Written by Isaac Bredeson, a Clemson University Junior
We’ve begun our second ‘theoretic course’ as the Russians call it on our schedule. It is taught by our professor from Clemson, Dr. Layfield. Our mission is to build a marketing campaign to inform and excite non-Russians about Russian culture. To do this we’ll make a brochure, poster, and short film. We also must make a plan to implement other media forms such as social networking sites and podcasts. It’s beyond multimedia and is, as far as I can tell, omnimedia.
The class itself is two days a week from 9 AM to 4 PM with one hour for lunch. That sounds like a long time, but it goes by surprisingly fast. Rather than just listen to lectures for the entire time we are given small projects to complete during class. We use the methods taught previously in the lecture portion. Every class period is packed full of information; we’ve covered so far everything from font uses and nuances to how to take good-quality portraits.
We are split up in to three groups which are mixed so that there are a roughly even number of Russian-, French-, and English-speaking students in each group. Having one native speaker of English in each group keeps everyone on the same page, and having Russians in each group makes sure that all groups have authorities on Russian culture.
Most recently our project for the day was to apply photography methods for a few hours in the Moscow metro system. Moscow has some of the most beautiful and ornate metro stations in the world without a doubt, and we were charged with capturing it in clever ways. My group hit the blue line and took photos of some of the oldest and newest stations in the system. We were so focused on getting good shots that we were a tad late on returning, but we got the job done. It’s so much more fun and effective to learn by doing than to merely take notes, yet another reason I’m glad I’m not stuck back in Clemson this semester.
Also in this Issue...
- The Ceiling of Moscow by David Tyrpak
"The view is astounding. We we're there at night and looking out you could see all of Moscow, like a living cell..."
- The Phases of Russian Winter and the Importance of Good Footwear by Joey Kingerski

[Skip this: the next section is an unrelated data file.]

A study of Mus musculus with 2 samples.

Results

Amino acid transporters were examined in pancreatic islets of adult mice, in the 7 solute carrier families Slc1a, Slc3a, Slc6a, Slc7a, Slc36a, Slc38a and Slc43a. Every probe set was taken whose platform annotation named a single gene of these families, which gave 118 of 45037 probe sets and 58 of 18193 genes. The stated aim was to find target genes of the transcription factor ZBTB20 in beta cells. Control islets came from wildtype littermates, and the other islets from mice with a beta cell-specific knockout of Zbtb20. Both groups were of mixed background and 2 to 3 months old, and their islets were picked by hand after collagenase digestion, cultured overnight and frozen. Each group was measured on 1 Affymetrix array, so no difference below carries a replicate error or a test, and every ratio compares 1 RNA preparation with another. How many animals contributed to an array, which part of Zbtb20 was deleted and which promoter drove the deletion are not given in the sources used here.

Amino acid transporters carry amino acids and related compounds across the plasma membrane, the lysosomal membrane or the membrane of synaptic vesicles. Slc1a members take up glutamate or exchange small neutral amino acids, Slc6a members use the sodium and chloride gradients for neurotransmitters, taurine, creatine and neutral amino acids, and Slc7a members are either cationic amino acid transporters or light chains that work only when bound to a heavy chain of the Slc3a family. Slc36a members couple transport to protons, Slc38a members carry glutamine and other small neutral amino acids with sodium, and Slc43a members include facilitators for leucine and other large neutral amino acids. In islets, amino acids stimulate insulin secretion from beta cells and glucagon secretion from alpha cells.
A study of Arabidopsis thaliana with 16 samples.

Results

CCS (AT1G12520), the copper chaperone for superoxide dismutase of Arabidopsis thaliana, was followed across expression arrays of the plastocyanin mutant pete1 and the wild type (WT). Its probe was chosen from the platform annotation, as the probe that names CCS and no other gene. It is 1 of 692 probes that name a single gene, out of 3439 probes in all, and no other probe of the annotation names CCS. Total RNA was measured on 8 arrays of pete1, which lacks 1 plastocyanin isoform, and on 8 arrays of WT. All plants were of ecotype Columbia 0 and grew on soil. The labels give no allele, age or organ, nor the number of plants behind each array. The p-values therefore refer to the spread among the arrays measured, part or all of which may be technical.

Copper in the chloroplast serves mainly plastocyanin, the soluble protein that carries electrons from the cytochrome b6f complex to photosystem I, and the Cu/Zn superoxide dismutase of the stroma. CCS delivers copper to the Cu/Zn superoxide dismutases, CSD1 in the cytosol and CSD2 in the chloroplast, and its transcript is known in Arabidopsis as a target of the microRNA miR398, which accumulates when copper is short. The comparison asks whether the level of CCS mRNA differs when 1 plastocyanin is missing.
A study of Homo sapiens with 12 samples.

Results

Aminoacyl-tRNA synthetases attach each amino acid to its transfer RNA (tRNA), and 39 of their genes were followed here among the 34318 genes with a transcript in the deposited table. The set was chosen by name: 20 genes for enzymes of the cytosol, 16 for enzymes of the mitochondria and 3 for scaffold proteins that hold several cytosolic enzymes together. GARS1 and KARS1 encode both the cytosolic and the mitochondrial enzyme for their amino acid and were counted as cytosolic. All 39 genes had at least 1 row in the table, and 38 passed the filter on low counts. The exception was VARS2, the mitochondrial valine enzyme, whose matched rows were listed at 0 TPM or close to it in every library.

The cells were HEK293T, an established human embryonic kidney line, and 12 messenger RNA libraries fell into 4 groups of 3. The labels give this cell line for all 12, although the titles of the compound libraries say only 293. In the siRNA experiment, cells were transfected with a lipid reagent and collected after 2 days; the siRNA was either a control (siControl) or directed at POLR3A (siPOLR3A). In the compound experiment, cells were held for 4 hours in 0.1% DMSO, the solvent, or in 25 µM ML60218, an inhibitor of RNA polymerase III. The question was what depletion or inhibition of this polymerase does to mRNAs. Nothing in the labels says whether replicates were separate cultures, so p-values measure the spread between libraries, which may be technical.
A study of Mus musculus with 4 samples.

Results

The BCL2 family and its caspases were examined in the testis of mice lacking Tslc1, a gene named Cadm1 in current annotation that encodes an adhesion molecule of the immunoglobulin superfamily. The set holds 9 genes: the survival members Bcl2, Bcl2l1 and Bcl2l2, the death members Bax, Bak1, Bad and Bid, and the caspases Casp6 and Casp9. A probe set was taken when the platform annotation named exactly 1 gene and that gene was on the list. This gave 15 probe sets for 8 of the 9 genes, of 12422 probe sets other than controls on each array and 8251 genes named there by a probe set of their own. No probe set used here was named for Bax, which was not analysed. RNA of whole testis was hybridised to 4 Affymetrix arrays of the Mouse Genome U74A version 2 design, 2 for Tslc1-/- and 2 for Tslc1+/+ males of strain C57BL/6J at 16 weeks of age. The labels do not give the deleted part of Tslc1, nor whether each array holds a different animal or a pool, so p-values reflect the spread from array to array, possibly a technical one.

"Walkways are routinely covered in water and on more than one occasion I have encountered a sidewalk that is nearly impassable. The importance of good foot wear cannot be understated, and my boots have made it possible for me to walk around in recent weeks..."
- Issue Photographer: Isaac Bredeson
Written by David Tyrpak, a Clemson University Junior
Moscow is a massive city, filled with a myriad of sights and sounds. In addition to the beautiful and historic structures of a city that annually attract millions of tourists, there are recent additions that rival for impressiveness. A TV tower doesn't strike the imagination as awe-inspiring, but when said TV tower is taller than the Empire State Building, and has an observation deck that commands an impressive view of all of Moscow, you don't mind paying three-hundred rubles to ride to the top of it.
Ostankino TV Tower is located in northern Moscow, not far from our hostel. It's an alien looking structure, and impossible to miss.
At night several spotlights shine on the top of the building, and if you had to guess that Moscow had a supreme ruler, he'd probably live at the top of Ostankino Tower. So with my curiosity piqued from day one, I was excited when Dr. Layfield announced his plans to visit the tower last week.
The trip from MSAU is no more than one metro stop, padded with two stops on the monorail. For three-hundred rubles you get a ten minute guided tour up to the observation deck. There's a restaurant somewhere below the observation deck, but a series of fires have shut it down for restorations. So we were contented with the main deck, which offers a 360° degree view, and some glass floor boards to test your courage out on.
The view is astounding. We we're there at night and looking out you could see all of Moscow, like a living cell, with veins of light stretching out and intertwining. After some well deserved pictures, our 10 minutes were up, and we were shepherded back down out of the tower.